SOHO, Manhattan — A local woman got into what she'd thought was a trustworthy Uber driver's car. Instead, she was getting into danger, according to detectives. They're now searching for the imposter Uber driver who'd threatened to shoot and rape the woman. Meanwhile, the Uber corporation is trying to assure its customers that they're safe.
The NYPD has issued a sketch of the man whose car the unidentified woman, 24, boarded in the early morning hours of May 15th.
She'd summoned an Uber around 1:30 A.M. to the intersection of Mangin Street and East Houston Street . When the car driven by the suspect passed by, she'd thought it was her Uber and got in. What followed was an unforgettable journey, in the worst way, according to investigators.
The man drove her uptown on nearby FDR Drive. However, she didn't need to travel in that direction. When they got to 96th Street on the FDR, the driver told the young woman that he would shoot and rape her if she didn't hand over money.
She gave up her wallet, $20, her iPhone, a debit card, and the jacket and gold earrings she was wearing, before managing to bail out of the car near the junction of Park Avenue and the FDR, uptown in Harlem.
"That is scary," said Lola Anava, a self-described former Uber customer, who said she'd stopped using the service because of its costs, not necessarily because of its safety record.
She was among quite a few female women Uber customers who PIX11 News encountered who'd shown concern over what had happened.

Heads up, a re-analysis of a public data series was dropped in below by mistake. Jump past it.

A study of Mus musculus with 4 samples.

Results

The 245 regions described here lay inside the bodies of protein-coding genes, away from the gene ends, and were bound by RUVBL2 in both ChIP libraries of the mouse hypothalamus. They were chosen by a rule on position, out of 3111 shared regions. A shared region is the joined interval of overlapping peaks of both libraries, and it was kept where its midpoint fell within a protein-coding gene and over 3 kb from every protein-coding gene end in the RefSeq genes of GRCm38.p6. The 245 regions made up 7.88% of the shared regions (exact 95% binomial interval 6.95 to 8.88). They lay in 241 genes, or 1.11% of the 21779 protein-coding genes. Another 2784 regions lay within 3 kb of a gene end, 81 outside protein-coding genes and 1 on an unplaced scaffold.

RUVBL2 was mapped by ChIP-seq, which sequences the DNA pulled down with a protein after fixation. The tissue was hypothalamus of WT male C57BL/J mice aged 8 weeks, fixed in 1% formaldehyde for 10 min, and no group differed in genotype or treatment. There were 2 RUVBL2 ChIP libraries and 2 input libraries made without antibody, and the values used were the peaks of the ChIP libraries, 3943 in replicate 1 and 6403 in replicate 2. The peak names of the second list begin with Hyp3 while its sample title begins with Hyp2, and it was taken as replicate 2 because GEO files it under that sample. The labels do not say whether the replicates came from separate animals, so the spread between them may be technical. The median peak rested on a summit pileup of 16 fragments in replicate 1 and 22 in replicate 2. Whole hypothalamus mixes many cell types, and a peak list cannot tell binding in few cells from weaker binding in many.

Nonetheless, the concerned women who spoke with PIX11 also said that Uber's protocols for pickup and dropoff generally left them feeling safe.
"A stranger is not going to know my name," said Uber customer Anna Hamann, referring to any driver who'd be dispatched to pick her up. "They usually want to check [my name] before I get into the car."
That is standard procedure for drivers. They're given the name and location of the person seeking to get picked by an Uber driver, via the Uber app.
Meanwhile, customers are given even more information about the driver who'll transport them, long before they get in the car.
A potential passenger receives the driver's name, along with a company-approved photograph, the driver's license plate number and vehicle make and model, according to information supplied to PIX11 News by Uber.
Customers agreed as well. "You can actually follow the [Uber] app to know where the vehicle is," said customer Florence Watson. If the person stopping to pick the customer up is "not the Uber driver," she continued, "you wouldn't have that same tracking information."
Her friend, Courtney Mitchell, who's also an Uber customer, agreed.
"As a consumer," she said, "you have to do your due diligence and make sure. Sorry it happened to [the victim], but she's got to pay attention."